When does the separation of church and state become threat to good public policy?

I have been playing around with several thoughts about the separation of church and state. The doctrine of separation of church and state appears to mean different things to different people. This subject continues to be very misunderstood. I did a little internet search and came up with a very nice page, Separation of Church and State Home Page. It makes a persuavise argument for the separationist viewpoint. Their politics slip in here and there but overall the presentation is factual and informative.

The most interesting question that wandered into my brain after reading most of the site is: How much of the federal interpretation of separation of church apply to state governments?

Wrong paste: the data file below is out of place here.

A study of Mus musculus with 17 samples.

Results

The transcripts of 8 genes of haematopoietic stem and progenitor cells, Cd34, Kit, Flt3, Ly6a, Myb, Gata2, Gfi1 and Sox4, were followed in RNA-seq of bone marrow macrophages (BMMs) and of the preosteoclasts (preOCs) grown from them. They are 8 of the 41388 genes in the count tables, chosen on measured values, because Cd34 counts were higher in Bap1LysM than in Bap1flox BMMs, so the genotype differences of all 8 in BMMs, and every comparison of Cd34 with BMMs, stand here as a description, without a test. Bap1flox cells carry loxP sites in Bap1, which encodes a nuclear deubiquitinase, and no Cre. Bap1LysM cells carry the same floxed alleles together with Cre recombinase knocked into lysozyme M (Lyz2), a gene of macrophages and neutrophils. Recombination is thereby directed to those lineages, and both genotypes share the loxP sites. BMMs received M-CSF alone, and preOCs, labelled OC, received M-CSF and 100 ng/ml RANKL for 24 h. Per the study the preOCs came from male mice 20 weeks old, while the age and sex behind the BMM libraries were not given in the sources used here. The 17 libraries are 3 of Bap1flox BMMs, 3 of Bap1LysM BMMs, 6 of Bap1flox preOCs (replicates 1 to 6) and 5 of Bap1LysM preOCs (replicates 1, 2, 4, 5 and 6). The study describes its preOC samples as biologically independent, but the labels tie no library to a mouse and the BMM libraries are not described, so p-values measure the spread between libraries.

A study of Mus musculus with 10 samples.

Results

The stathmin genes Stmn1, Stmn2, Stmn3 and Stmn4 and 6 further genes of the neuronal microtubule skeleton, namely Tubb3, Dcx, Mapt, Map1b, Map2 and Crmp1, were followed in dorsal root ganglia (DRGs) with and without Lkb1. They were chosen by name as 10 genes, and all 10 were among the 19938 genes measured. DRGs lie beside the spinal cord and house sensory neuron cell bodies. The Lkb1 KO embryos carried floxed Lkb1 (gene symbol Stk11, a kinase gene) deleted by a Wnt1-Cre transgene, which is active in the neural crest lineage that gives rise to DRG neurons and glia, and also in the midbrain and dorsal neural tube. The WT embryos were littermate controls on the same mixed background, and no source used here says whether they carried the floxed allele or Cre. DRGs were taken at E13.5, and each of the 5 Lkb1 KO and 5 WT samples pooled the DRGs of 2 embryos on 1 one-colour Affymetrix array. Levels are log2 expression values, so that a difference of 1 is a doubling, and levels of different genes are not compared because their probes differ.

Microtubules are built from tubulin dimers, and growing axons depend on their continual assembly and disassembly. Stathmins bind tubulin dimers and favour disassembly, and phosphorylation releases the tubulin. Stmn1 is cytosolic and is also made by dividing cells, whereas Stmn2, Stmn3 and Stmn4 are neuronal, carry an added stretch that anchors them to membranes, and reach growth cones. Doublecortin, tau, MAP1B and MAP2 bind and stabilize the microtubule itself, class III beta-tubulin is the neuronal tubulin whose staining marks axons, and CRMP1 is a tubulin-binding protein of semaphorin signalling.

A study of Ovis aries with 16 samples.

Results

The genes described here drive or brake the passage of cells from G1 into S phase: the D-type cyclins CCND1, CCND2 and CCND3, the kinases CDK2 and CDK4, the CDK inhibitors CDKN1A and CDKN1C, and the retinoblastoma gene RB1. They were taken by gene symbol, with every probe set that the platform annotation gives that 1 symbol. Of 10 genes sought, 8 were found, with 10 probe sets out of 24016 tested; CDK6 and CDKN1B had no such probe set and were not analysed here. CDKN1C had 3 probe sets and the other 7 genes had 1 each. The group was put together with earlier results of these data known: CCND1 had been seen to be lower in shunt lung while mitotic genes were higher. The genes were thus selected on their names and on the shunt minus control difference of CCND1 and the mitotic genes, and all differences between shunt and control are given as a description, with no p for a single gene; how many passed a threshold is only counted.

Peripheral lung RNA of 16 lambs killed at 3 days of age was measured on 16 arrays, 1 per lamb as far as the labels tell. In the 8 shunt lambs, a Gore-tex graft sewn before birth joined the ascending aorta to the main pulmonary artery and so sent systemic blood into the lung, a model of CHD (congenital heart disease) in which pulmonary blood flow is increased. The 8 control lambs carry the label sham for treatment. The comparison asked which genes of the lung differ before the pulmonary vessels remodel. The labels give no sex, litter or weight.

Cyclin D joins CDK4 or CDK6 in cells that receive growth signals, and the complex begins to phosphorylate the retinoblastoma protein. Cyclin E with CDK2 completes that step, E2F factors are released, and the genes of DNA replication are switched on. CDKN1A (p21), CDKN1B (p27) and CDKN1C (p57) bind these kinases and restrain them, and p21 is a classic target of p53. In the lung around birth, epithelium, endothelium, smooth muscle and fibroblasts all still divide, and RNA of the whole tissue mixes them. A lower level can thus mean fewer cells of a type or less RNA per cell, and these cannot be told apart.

My thought process goes this way. Their site does a nice job explaining the limited role of the Federal government and they make a nice argument that the Constitution does not borrow a lot from the Ten Commandments by saying murder, stealing, etc., are state issues. Then it struck me! When you get down to it, most issues affecting the common man are covered by state law. So why has the federal courts stepped in and made changes on state and local government public policy issues? Is this good law or just an example of federal power? Most of the court cases have been really silly and the only effect has been to make the Federal courts look silly. If the powers of the Federal Government are “few and defined” and religion is not one of the powers defined, why do they seem to be stretching to take on cases that forces their interpretation of church and state doctrine on the states? The polls show that the people believe in the separation of church and state but not to the degree required by the Federal courts. I don't believe that courts should change their decisions because of recent polls but popular opinion ultimately sways judicial opinion. I get this sense of a desire by the Federal courts to try explain their decisions on this law as perfect when the public says something different is required. If a state or local government has a practical reason for including a relationship to religious texts (Ten Commandments text posted in public buildings) or symbols(e.g. cross in the seal for LA) and the people agree, why not let the states and local governments make the decisions on public policies that affect them? This begs the question, does a state have the authority to implement "less strict" separation of church and state view because their need to change the public’s perception to state issues(e.g. murder, quality of local education) is higher than the need of the Federal courts?